The Court of Justice of the European Union (CJEU) yesterday handed down a landmark ruling that finally ends uncertainty as to the duration of Supplementary Protection Certificates (SPCs). SPCs are critical intellectual property rights granted to biopharmaceutical and agrichemical innovators whose path to market for innovative products is delayed by essential regulatory processes leading to the grant of marketing approvals. The European SPC system seeks to compensate patentees by granting these standalone rights which last for a maximum period of five years after patent expiry.

In this case, Seattle Genetics had applied to the Austrian Patent Office (APO) for, and been granted, an SPC based on the basic patent for brentuximab vedotin (marketed as Adcetris). The APO calculated the term of the SPC starting from the date that marketing authorisation had been granted. Seattle Genetics challenged this, stating that the term should be determined using the date that it was notified of the approval (now common practice in various EU Member States, but not in Austria). Until now, there had been no view from the CJEU on the correct calculation under European law. Yesterday’s decision confirms that the term of an SPC will be determined from the date of notification of the relevant marketing approval to the innovator, rather than from the date of the decision to grant the marketing approval.

The CJEU’s decision is to be applauded because both common and commercial sense has prevailed. The SPC system was expressly set up to compensate innovators whose products could not be placed on the market without first undergoing an often lengthy and expensive regulatory procedure. These processes limit the effective patent protection for products because the 20 year period of patent protection is dramatically cut short by the delays in bringing the product to market.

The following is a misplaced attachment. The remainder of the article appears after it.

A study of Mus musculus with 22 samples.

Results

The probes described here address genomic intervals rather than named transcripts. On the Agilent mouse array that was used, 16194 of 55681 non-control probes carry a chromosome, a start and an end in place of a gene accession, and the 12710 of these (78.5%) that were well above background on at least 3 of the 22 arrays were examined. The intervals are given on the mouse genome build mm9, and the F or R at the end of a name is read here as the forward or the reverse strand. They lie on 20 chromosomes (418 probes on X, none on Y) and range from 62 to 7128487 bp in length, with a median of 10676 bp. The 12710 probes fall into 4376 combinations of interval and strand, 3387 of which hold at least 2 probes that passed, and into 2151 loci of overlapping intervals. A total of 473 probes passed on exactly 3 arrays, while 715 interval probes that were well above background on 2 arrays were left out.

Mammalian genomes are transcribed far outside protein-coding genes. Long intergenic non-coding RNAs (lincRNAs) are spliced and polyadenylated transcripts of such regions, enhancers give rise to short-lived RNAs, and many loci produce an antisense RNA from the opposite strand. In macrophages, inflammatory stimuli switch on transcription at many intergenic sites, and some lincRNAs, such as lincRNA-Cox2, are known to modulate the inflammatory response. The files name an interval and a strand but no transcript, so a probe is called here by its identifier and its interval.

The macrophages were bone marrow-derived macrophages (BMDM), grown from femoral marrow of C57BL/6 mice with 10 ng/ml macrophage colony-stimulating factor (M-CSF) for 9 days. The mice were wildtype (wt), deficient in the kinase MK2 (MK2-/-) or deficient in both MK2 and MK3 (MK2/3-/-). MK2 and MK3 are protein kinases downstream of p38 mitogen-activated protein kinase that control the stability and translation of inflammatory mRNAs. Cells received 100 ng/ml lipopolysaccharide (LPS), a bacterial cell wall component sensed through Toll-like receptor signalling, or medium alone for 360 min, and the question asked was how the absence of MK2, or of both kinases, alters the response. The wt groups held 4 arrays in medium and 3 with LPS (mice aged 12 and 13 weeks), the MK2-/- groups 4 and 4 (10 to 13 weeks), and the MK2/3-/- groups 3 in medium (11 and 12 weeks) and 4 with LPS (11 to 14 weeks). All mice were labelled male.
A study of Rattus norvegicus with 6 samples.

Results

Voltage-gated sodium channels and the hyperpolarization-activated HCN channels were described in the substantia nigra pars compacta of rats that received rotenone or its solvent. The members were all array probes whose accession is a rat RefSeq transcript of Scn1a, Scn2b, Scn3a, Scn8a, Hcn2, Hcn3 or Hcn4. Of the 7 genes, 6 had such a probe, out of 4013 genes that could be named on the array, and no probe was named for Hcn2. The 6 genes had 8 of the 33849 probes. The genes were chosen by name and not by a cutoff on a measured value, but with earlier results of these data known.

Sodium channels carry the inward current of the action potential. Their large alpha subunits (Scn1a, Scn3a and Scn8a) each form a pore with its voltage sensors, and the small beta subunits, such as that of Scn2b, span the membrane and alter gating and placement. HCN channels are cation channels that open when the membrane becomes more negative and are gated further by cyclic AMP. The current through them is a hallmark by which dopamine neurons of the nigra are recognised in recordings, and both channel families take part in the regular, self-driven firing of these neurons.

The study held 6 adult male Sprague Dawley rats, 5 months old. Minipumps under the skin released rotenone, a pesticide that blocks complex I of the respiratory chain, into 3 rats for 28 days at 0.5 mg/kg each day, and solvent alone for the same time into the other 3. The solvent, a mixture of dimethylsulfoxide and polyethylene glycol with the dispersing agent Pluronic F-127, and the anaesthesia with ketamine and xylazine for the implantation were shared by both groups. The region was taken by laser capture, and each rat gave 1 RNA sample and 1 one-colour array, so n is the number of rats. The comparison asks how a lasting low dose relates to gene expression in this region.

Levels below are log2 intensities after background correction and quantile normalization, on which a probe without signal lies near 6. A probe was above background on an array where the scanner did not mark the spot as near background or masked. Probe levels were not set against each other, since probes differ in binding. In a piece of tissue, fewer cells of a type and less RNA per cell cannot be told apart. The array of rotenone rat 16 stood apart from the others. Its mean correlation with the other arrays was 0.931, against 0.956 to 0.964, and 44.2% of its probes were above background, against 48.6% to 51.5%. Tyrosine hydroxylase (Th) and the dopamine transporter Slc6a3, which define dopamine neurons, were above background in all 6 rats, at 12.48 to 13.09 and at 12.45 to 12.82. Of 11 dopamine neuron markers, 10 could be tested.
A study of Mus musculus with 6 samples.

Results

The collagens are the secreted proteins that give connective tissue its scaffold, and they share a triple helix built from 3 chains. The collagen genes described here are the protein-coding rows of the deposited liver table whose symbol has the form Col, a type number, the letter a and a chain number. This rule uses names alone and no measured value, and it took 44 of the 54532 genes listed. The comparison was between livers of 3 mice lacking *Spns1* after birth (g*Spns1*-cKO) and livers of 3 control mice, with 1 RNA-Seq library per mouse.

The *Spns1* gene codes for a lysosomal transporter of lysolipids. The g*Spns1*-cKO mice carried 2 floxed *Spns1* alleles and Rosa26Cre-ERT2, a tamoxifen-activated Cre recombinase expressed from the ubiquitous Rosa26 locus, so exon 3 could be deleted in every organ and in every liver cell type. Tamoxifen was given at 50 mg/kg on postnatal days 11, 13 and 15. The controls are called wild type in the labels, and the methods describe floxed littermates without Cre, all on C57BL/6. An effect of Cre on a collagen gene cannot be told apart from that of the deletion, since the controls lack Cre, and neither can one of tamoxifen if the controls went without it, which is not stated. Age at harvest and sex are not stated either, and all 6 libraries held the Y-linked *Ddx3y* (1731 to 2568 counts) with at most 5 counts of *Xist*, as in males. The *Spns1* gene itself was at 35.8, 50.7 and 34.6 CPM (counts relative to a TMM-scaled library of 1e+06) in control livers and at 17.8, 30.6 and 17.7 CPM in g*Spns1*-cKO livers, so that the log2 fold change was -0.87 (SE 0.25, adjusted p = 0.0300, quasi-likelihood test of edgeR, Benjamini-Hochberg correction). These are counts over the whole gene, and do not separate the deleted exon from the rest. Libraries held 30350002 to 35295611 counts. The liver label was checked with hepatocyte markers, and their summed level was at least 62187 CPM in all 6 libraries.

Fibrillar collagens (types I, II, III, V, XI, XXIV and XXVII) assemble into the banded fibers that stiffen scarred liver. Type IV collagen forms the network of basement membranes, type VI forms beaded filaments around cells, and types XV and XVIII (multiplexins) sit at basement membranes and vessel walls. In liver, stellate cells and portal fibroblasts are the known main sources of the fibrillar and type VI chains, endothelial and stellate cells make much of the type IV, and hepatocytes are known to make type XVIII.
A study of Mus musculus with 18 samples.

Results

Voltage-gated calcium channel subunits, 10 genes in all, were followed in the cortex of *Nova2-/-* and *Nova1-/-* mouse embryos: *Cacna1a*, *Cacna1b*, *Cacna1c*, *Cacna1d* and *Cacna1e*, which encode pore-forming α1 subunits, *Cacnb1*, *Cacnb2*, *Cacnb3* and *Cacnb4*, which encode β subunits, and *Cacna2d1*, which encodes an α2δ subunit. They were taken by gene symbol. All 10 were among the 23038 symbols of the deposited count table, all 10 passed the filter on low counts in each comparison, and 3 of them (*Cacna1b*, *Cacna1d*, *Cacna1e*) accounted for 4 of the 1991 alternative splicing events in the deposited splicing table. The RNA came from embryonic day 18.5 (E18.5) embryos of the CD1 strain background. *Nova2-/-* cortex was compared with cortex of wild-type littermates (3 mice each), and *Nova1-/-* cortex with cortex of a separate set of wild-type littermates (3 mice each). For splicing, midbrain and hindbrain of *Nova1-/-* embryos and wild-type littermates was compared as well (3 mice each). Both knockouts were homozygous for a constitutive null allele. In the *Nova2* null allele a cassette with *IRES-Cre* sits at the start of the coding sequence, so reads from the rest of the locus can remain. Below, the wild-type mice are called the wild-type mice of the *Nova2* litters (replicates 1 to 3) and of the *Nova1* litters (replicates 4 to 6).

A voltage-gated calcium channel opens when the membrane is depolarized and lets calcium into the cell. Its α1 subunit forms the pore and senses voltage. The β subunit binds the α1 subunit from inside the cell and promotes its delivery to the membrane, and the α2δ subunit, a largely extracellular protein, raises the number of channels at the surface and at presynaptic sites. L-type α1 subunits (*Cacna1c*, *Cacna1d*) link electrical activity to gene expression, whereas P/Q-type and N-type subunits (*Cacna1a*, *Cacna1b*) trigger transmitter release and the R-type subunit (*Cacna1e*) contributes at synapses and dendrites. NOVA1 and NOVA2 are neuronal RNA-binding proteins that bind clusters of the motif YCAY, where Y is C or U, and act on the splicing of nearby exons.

The CJEU’s decision recognises the compensatory effect of SPCs as a fundamental principle of the SPC system that would be thwarted if the duration of an SPC were to be determined not by the date from which an innovator could start marketing the product but from an earlier date which was only of hypothetical use to an innovator. There is often a short delay between the granting of a marketing approval and the notification of it that is given to the innovator. The effective date of a marketing approval plays an important role in the SPC system to determine the duration of an SPC – the later the date, the longer the duration of the SPC.

While the effect of the decision might be seen as extending the duration of SPCs by only a few days at most, those few days can amount to many millions of Euros of sales of valuable products when assessed across all EU Member States where SPCs are in force. In the Seattle case itself, the decision effectively adds five days on to the period of SPC protection. The decision will have wide ramifications for innovators and generic manufacturers alike, providing greater commercial certainty.